LIKE House Speaker Newt Gingrich and fellow Republicans, I once bashed the AmeriCorps program shamelessly. I saw it as a jobs program and chastised the young people involved as money grubbers who dared to call themselves ''volunteers.''
But I have been transformed from cynic to convert. After months of talking with people in the program and watching them plant trees in empty lots, settle disputes in rundown urban schools, immunize children, combat water pollution, and clean graffiti-plagued streets, I am enlightened. These young people, who are labeled ''slackers'' and ''MTV-addicted couch potatoes,'' are diligent, enthusiastic, hard working, and maintain a balance of idealism and realism.
On a chilly, bright November morning I followed a group of college-aged AmeriCorps workers into New York's Lower East Side where they were transforming a parking lot into a bright and cheerful place. I fired hardball questions at people who were coating parking meters with paint and scouring away at graffiti. ''So why did you really want to join this program?'' I asked each person, one eyebrow lifted in suspicion.
I wanted to believe that they joined because they didn't know what else to do, that they needed the money, that this was an easy alternative to taking out a loan, that it would be a highlight on their resumes, that they would admit with frankness that the dollars were a lure, that they cared more about changing their lives than other peoples'.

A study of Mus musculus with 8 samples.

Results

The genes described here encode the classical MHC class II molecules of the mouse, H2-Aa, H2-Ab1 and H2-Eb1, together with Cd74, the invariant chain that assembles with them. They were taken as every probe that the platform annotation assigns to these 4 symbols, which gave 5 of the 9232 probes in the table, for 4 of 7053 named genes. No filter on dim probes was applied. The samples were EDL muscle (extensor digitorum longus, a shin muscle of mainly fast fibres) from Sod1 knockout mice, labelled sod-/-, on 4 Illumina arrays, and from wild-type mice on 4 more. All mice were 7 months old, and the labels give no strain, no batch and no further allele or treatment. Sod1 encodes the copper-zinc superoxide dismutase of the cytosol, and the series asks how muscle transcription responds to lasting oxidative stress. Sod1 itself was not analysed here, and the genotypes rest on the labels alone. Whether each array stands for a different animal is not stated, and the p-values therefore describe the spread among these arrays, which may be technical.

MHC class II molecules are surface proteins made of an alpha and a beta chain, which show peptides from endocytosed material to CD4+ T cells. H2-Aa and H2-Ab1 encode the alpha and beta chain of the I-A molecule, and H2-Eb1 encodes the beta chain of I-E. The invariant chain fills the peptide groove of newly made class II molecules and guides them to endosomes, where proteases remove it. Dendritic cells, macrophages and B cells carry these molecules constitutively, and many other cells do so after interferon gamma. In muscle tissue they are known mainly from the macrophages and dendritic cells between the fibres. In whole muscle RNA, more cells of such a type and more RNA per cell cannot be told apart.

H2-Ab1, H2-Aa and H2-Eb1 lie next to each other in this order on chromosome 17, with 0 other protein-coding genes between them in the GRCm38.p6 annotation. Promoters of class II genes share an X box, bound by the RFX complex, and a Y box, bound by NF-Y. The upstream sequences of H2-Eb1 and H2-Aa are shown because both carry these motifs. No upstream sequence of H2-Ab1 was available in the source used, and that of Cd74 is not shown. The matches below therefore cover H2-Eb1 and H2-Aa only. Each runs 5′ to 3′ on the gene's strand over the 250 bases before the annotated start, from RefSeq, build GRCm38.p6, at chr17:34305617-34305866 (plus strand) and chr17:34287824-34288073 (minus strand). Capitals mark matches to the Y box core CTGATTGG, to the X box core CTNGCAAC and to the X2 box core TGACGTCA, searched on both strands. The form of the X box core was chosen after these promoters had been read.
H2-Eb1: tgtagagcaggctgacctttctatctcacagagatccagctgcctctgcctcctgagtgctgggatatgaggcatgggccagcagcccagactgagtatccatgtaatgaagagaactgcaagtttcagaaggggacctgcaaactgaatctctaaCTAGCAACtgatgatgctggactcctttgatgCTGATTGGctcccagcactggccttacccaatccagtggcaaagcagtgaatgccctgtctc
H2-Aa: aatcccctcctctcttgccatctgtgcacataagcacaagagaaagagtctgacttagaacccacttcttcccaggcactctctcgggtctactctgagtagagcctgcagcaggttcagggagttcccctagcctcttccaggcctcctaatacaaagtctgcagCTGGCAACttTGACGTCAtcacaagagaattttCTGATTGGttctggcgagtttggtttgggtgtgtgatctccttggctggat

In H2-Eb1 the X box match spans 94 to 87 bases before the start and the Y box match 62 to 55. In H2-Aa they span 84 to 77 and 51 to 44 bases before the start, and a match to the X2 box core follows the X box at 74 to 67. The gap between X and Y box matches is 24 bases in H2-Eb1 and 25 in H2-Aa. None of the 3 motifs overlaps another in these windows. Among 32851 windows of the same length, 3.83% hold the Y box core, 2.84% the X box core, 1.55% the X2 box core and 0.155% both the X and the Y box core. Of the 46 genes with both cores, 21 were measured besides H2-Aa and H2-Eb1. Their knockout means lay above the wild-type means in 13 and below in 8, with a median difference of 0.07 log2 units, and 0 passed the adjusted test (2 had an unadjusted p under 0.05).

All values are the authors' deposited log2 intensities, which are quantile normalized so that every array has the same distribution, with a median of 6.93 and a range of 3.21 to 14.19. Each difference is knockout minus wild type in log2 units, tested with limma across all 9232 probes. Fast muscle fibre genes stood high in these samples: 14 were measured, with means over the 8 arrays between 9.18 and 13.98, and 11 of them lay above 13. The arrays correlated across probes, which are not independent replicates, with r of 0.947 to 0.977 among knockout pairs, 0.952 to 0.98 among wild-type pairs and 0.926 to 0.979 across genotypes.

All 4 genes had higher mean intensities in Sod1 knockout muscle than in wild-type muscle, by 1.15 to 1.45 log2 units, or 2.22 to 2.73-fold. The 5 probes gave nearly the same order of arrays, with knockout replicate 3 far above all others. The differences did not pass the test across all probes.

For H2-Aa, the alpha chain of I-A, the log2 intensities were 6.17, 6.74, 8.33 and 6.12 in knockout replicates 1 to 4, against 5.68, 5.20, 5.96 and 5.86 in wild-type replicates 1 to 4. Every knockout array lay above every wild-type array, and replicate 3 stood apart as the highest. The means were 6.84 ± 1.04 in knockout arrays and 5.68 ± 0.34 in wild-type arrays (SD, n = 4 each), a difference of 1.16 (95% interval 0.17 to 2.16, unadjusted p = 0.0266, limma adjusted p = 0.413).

I did receive frank answers, but there was a freshness to them. One young woman said she was tired of having her generation labeled so negatively and wanted to show the world the other side of the story.
''I don't sit around and whine all day,'' she said angrily. ''I keep busy. I like helping people. Is there something weird about that?''
In an age when high-profile politicians, high-powered executives, and even religious leaders perform ''random acts of kindness'' for money, book advances, and appearances on talk shows, there is something rare about people doing something just because they want to help, to make a difference, to give something back for all they have been given.
A few of them grew up in upper-middle-class suburbia, went to Ivy League schools, and now want to give back to society. Others grew up in poor neighborhoods, battled the hardships of the streets, triumphed, and want to help and inspire those still living in the war zone.
And the money? If you take the grants given to the students and divide by the hours, they are making minimum wage or less. One young man laughed at the notion that he was in it for the money. ''If I wanted to make real money, I'd go find me a part-time job,'' he said. As for recognition? There's hardly any. ''The media love to write about those slackers, hackers, and young people that just goof off,'' he said. ''I guess that stuff sells.''
After weeks of talking with these young people, watching them toil in the dangerous neighborhoods, rundown schools, and understaffed medical clinics, it was obvious that the communities were benefiting. AmeriCorps has made a difference.
AmeriCorps shouldn't be abolished. It should be endorsed, encouraged, and expanded. Thousands of young people were turned away last year because the 20,000 slots were filled. Many are waiting for more slots to open. AmeriCorps isn't a political issue like abortion, but, tragically, it is treated as one. Republicans believe it's a waste of money. Mr. Gingrich believes it's coercive and forced volunteerism. In truth, the fact that AmeriCorps was President Clinton's idea is the real reason Republicans want to kill it.
If AmeriCorps is axed, it won't be because it didn't work, but because of Washington politics.